Latvia is one of the three Baltic states. It is bordered in the northeast by Estonia, in the east by the Russian Federation, in the southeast by Belarus, in the south by Lithuania and in the west and northwest by the Baltic Sea and the Gulf of Riga. Its total area is 64 490 km². The country became independent from the Soviet Union in May 1990. Administratively, Latvia is divided into 110 municipalities and 9 cities. The capital city is Riga.
Latvia consists of a continental part in the east and the Kurzeme peninsula (Kurland) in the west. The continental part consists of morainic uplands that are crossed by several rivers flowing to the lowlands, of which the main ones are the Daugava, Gauja and Salaca rivers. The highest point of the country is in the Vidzeme uplands with an altitude of 312 m above sea level. The continental part is separated from the peninsula in the west by the Lielupe river, which flows through the Zemgale plain. In the peninsula are the Kurzeme uplands, which are lower than the continental uplands and crossed by several rivers, of which the Venta river is the most important. The highest point in these uplands is at 184 m above sea level. About 57 percent of the country lies below 100 m above sea level and only 2.5 percent lies above 200 m.
The agricultural area, which is the sum of arable land, permanent crops and permanent meadows and pasture, is estimated at 1.9 million ha, which is 29 percent of the total area of the country. In 2013, the total physical cultivated area was estimated at 1.2 million ha, of which 99.5 percent (1 208 000 ha) consisted of temporary crops and 0.5 percent (6 000 ha) of permanent crops (Table 1).
The soils in Latvia are generally not very fertile. Around 230 000 ha are threatened by wind erosion and around 380 000 ha by water erosion. According to various estimates, marshes cover 5-10 percent of the total area of the country. Some swamps of peat ground reach a depth of 5 m. The fertile marshy black soils can be found only in the Zemgale plain.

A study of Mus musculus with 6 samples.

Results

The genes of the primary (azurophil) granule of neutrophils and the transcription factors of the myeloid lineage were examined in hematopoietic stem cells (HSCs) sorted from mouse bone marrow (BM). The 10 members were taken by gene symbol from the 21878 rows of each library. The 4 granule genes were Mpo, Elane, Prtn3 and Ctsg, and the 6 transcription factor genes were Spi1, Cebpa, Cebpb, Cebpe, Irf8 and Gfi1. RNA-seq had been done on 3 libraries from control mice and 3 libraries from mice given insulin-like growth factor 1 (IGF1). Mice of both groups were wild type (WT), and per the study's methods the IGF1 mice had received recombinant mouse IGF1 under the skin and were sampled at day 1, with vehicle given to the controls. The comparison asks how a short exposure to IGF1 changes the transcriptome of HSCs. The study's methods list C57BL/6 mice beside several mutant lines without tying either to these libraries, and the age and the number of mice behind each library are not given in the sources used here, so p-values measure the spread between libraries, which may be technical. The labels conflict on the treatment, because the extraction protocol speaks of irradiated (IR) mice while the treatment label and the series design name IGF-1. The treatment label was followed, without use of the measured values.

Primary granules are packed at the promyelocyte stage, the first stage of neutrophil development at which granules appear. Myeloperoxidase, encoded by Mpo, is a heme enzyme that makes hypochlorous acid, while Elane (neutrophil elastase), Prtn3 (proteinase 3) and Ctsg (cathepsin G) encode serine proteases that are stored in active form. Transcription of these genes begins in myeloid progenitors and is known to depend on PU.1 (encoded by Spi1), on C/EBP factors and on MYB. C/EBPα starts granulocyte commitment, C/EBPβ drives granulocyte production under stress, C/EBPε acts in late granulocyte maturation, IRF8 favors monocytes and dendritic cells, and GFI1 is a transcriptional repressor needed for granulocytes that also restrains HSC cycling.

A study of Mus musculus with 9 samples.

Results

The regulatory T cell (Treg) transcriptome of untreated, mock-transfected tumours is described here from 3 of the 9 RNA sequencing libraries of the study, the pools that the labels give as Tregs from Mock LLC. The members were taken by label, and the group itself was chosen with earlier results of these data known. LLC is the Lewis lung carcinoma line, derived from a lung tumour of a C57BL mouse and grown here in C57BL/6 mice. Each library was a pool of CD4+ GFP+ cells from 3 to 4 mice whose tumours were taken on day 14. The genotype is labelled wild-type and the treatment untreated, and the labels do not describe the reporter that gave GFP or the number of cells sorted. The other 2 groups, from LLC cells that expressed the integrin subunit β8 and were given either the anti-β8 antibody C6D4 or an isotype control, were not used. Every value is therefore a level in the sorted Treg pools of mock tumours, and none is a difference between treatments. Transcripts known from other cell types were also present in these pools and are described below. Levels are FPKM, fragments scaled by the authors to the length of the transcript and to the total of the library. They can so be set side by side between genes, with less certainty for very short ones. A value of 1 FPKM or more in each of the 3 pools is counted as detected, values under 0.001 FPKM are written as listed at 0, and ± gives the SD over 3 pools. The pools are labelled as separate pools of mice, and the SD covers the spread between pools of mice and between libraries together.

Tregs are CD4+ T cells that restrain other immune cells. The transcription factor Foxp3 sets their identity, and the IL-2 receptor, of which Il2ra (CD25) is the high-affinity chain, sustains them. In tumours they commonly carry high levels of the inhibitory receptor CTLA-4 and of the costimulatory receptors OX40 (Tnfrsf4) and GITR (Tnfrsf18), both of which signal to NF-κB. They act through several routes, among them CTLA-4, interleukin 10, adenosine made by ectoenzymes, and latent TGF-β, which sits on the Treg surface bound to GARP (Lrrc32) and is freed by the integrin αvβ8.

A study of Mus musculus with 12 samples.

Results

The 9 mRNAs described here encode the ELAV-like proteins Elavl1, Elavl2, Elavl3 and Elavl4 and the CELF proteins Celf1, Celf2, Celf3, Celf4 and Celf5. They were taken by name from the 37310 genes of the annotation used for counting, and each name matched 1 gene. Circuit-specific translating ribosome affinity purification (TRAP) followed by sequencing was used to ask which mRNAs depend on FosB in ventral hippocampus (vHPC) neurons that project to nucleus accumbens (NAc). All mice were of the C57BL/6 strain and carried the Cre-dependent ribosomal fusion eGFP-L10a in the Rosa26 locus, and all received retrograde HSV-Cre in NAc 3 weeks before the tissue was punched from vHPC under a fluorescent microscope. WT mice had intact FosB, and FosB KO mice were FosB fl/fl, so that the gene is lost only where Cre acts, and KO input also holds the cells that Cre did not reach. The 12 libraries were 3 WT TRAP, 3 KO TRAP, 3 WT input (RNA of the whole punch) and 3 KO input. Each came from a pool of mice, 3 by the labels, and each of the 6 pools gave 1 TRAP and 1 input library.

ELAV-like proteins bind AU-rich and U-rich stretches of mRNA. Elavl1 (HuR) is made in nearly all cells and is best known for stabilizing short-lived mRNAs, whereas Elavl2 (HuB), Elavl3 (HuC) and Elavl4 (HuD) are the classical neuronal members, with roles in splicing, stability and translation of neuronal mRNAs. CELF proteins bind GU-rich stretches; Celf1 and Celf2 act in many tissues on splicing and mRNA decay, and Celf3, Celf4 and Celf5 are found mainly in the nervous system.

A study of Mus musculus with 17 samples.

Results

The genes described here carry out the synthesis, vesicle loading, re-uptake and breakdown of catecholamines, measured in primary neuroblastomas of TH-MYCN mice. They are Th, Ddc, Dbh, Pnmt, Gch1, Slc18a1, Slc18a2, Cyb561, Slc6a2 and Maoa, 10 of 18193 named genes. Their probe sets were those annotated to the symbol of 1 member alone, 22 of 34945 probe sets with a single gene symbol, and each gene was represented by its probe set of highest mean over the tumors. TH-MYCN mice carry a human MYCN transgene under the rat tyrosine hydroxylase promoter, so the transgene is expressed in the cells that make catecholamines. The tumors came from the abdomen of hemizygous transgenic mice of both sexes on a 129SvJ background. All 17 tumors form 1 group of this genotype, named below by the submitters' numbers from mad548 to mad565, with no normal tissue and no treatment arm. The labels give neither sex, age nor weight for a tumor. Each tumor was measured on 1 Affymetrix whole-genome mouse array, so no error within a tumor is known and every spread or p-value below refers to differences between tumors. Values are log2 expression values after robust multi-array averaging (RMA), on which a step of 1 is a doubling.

The average annual air temperature in Latvia is 6°C, varying from -5ºC in January and February to 17°C in July. Average minimum and maximum temperature are -8ºC and 22°C respectively. The average annual precipitation in Latvia is 667 mm, ranging from 33 mm in February and March to 78 mm in July. Annual average relative humidity is 81 percent (LEGMC, 2016).
Four climatological regions can be distinguished in Latvia:
- The coastal region, covering 25 percent of the country, includes the Zemgale plain and the whole coastal region from Lithuania to Estonia. The average annual precipitation is 600 mm. The average temperature varies from -3°C in January to 16.5°C in July. Humidity is low.
- The Latgale region, covering 28 percent of the country, includes the southeast of the country. The average annual precipitation is 700 mm. The average temperature varies from -7°C in January to 17°C in July. Humidity is high.
- The Vidzeme region, covering 30 percent of the country, includes the northeastern inland part of the country. The average annual precipitation is 700-850 mm. The average temperature varies from -7°C in January to 16.5°C in July. Humidity is high.
- The Kurzeme region, covering 17 percent of the country, includes the inland part of the Kurzeme peninsula. The average annual precipitation is 700-850 mm. The average temperature varies from -4°C in January to 16.5°C in July. There is medium humidity.
Overall, during the 20th century the average air temperature in Latvia has risen by 1 degree due to climate change. From the beginning of the second half of the 20th century, fluctuations in annual rainfall have risen (LEGMC, 2016).
In 2015, the total population was about 2 million, of which around 31 percent was rural (Table 1). Average population density in the country is 31 inhabitants/km². The average annual population growth rate in the 2005-2015 period has been estimated at minus 1 percent.
In 2014, the Human Development Index (HDI) ranks Latvia 46 among 188 countries, while the Gender Inequality Index (GII) ranks it 36 among 155 countries, for which information was available. Life expectancy is 74 years and the under-five mortality is 8 per 1000 births, both progressing from 68 years and 24 per 1000 in the 1990s. With no significant distinction between boys and girls, around 96 percent of the children in 2013 are enrolled in primary education, but only 87 percent for secondary education (WB, 2015). Adult literacy is 99.9 percent in 2012 (UNDP, 2015). In 2015, 99 percent of the total population had access to improved water sources (100 and 98 percent in urban and rural areas respectively) and 88 percent of the total population had access to improved sanitation (91 and 82 percent in urban and rural areas respectively) (JMP, 2015).